Sighting-In Your Rifle

Sighting-in is one of the most important parts of preparing for hunting season. The first step in sighting-in your rifle is to give it a thorough cleaning. A rifle’s accuracy will often improve with a good, complete cleanup. Next, check the screws on the action, sights, scope mounts, and scope rings. A loose screw can result in poor accuracy in the field.

Test the Bore Sight

The scope must be bore-sighted. Bore-sighting your scope and rifle will ensure that the first shots fired will be on the paper at 25 or 50 yards, and you will not waste ammunition. Most rifle ranges have a bore-sighting device, called a collimator, which you can use by following simple instructions. A gun shop or gunsmith may bore-sight your rifle for you.

If you cannot find a bore-sighter, set up a bullseye target at 25 yards. Remove the bolt from the rifle and place the rifle on a solid rest. Look through the barrel and place the bullseye in the center of the barrel. Your eye will automatically center the smaller circle (the bullseye) inside the larger circle (inside of the barrel).

Now ease your face up until you can see through the scope. If the scope cross-hairs are centered in the bullseye, you will be able to hit the target. If they are not centered, you should adjust the scope until the cross-hairs are centered in the bullseye. When you are bore-sighting by this method you must move the scope adjustments opposite the direction you want the cross-hairs to move. For example, if your cross-hairs are low, you will move the vertical scope adjustment screw in the direction that says down. If the cross-hairs are to the right of the bullseye you must move the horizontal adjustment in the direction that says right.

Select the Correct Ammunition

The next step is to select your ammunition. Most modern rifles will shoot bullets of "medium" weight with good hunting accuracy. In a .30-06 or .308 this means 165- to 180-grain bullets. In a 7mm, look for 140- to 175-grain bullets. Many rifles will perform more favorably with one brand of ammunition over another. If you can afford to, buy at least two different brands of ammunition and two bullet weights for sighting-in. Once you’ve found the brand that your rifle responds best to, use the other ammunition for practice.

Be sure to use hearing and eye protection. If you don’t have an established shooting range where you live, make sure you shoot against a backstop with no houses, roads, or other buildings within three miles down range.

Use Front and Rear Rests

Now your rifle is ready for sighting-in with live ammunition. Shooting ranges will have benches to sit at for sighting-in. If you will not be using one of these facilities, use a small table. You must be comfortably seated for sighting-in. Place the forestock of the rifle on a solid rest. Sand bags work well or a block of wood covered with an old towel will do. Never rest the barrel itself on this front rest. You will also need a rear rest for the buttstock. Again, sand bags or a smaller block of wood with a rolled up towel on top will work well.

Photo of a person sighting-in their rifle. The secret to accurately sighting-in is to build up a front and back rest that will support your rifle without you having to hold it in place. Make adjustments in your rests until the cross-hairs of the scope are centered on the target. Place your front hand on the stock behind the front rest.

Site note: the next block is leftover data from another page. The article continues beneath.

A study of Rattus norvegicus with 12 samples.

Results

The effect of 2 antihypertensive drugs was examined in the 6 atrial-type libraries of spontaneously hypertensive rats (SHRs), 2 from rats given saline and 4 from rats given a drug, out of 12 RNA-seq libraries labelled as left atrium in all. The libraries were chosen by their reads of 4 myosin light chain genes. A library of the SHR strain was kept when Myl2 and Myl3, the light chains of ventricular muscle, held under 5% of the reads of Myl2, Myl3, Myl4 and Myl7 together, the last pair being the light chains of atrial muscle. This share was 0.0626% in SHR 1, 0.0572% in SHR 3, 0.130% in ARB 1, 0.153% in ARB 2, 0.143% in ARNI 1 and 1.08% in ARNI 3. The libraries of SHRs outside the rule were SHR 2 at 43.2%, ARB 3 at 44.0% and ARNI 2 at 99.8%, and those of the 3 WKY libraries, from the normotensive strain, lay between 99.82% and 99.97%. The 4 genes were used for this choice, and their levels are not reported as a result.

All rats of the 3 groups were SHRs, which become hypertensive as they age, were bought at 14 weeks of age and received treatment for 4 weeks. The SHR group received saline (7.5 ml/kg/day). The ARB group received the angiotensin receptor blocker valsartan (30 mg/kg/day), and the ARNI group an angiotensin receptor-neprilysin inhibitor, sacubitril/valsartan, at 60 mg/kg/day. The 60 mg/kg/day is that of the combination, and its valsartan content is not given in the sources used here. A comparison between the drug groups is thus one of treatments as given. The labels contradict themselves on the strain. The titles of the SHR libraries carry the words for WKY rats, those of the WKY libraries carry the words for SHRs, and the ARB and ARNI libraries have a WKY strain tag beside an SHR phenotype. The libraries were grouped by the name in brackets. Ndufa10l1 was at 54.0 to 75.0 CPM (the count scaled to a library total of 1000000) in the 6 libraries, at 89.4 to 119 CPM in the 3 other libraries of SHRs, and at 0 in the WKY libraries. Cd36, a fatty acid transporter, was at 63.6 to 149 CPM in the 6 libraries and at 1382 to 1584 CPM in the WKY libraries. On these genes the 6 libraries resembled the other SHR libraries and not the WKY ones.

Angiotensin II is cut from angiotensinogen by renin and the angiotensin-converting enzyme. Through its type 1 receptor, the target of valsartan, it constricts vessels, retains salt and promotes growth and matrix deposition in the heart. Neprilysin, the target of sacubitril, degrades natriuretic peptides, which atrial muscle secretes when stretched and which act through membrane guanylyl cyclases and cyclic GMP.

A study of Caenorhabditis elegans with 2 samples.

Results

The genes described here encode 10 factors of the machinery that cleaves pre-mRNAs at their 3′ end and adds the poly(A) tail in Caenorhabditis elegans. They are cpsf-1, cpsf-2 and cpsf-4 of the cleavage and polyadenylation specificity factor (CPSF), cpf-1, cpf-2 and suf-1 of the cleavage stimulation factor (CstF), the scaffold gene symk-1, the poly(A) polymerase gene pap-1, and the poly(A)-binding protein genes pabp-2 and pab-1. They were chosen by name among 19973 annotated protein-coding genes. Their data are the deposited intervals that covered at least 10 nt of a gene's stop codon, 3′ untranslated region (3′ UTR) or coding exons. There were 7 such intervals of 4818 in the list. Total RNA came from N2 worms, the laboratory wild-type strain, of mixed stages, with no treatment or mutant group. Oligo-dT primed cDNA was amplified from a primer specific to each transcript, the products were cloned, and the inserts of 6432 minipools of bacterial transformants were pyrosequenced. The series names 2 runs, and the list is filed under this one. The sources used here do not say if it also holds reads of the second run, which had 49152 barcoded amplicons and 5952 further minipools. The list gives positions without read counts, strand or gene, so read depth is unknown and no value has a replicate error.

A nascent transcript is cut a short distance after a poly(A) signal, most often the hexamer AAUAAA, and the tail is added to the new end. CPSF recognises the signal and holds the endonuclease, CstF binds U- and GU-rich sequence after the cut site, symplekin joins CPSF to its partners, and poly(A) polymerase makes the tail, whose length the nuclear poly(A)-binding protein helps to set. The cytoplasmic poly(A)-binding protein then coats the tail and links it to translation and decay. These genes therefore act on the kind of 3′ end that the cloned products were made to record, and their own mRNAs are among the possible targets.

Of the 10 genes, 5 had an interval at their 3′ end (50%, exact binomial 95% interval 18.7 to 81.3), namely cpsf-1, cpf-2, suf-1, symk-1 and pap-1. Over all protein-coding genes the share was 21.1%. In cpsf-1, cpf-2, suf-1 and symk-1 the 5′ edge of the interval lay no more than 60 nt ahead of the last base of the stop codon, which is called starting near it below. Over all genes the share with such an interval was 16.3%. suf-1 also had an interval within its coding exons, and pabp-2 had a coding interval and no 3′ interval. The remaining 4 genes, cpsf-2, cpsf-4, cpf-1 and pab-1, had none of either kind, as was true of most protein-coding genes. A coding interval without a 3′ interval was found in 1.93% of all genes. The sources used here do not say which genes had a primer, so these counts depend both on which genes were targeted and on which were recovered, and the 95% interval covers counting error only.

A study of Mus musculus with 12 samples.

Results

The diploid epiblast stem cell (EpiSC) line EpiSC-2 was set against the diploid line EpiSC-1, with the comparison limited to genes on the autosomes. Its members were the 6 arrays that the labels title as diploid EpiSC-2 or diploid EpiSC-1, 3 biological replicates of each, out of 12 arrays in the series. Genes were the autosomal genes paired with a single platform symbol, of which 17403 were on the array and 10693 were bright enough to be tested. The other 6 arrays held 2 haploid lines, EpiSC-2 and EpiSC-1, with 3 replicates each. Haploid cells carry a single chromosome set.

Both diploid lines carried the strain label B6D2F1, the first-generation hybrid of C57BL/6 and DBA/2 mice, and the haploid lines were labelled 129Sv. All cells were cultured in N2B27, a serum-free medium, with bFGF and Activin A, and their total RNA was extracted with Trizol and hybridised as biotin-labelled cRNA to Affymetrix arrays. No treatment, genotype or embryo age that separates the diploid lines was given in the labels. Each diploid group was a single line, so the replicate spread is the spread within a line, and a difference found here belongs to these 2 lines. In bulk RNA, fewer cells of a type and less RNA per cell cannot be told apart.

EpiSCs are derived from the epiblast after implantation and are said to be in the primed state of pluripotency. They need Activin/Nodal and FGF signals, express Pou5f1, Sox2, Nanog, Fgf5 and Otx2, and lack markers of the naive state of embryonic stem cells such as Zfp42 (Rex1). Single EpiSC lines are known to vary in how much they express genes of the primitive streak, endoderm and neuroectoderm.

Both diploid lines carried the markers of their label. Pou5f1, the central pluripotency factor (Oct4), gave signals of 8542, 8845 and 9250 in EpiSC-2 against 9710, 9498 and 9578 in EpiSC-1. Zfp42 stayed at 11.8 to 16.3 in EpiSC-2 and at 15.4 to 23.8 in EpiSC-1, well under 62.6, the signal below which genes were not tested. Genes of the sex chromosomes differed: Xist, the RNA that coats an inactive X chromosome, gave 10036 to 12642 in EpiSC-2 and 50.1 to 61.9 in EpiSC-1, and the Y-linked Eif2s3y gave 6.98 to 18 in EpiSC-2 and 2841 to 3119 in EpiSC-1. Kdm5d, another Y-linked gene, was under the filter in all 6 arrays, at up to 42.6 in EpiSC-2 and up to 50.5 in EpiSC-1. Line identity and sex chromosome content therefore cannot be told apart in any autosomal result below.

Now carefully load a single cartridge. Move your body and the padding under the buttstock until the cross-hairs are centered on the target. Breathe slowly and naturally. Relax and squeeze the trigger. Do not get up from your seat or move around. Try to stay as still as possible and fire two more shots.

Now you should have a "group" of three shots on the target that are fairly close together. This group may not be in the center of the target. Determine the center of the group. If the center of your group is one inch low and two inches right of your point of aim, you must use the scope adjustment screws to move the center of the group one inch up and two inches left. In this case, you move the scope adjustment knobs in the direction indicated on the knobs i.e., up to move the group center up, and left to move the group center left.

Place Shots in a Grouping

Fire another three-shot group. Do not rush your shots. Allow time for your rifle barrel to cool. A hot barrel will not shoot to the same place as a cold barrel. You will be hunting with a cool or cold barrel. After this second group, you may need to make further adjustments with the scope. Continue to fire three-shot groups and make adjustments until your three-shot group is centered at 25 yards on your point of aim.

Move the target to 100 yards and repeat the process. Cartridges such as the .270 and .30-06 will place your shots about 2½ to 3 inches higher than you aimed the cross-hairs. If your rifle is sighted-in 2½ to 3 inches high at 100 yards, you will be sighted-in to about 250 yards. By sighted-in, we mean that your bullet will never rise or fall more than 4 inches from the intersection of the scope cross-hairs.

If you use this method of calibrating your sights, you should be able to correctly place a shot on any game animal out to 200 yards by simply holding the cross-hairs in the middle of the vital zone and squeezing the trigger.

Regular Practice

It is obvious, but this point bears repeating: practice, practice, practice! Your Alaska hunt may provide one shot, in a once-in-a-lifetime experience. Make sure that your marksmanship is up to the challenge.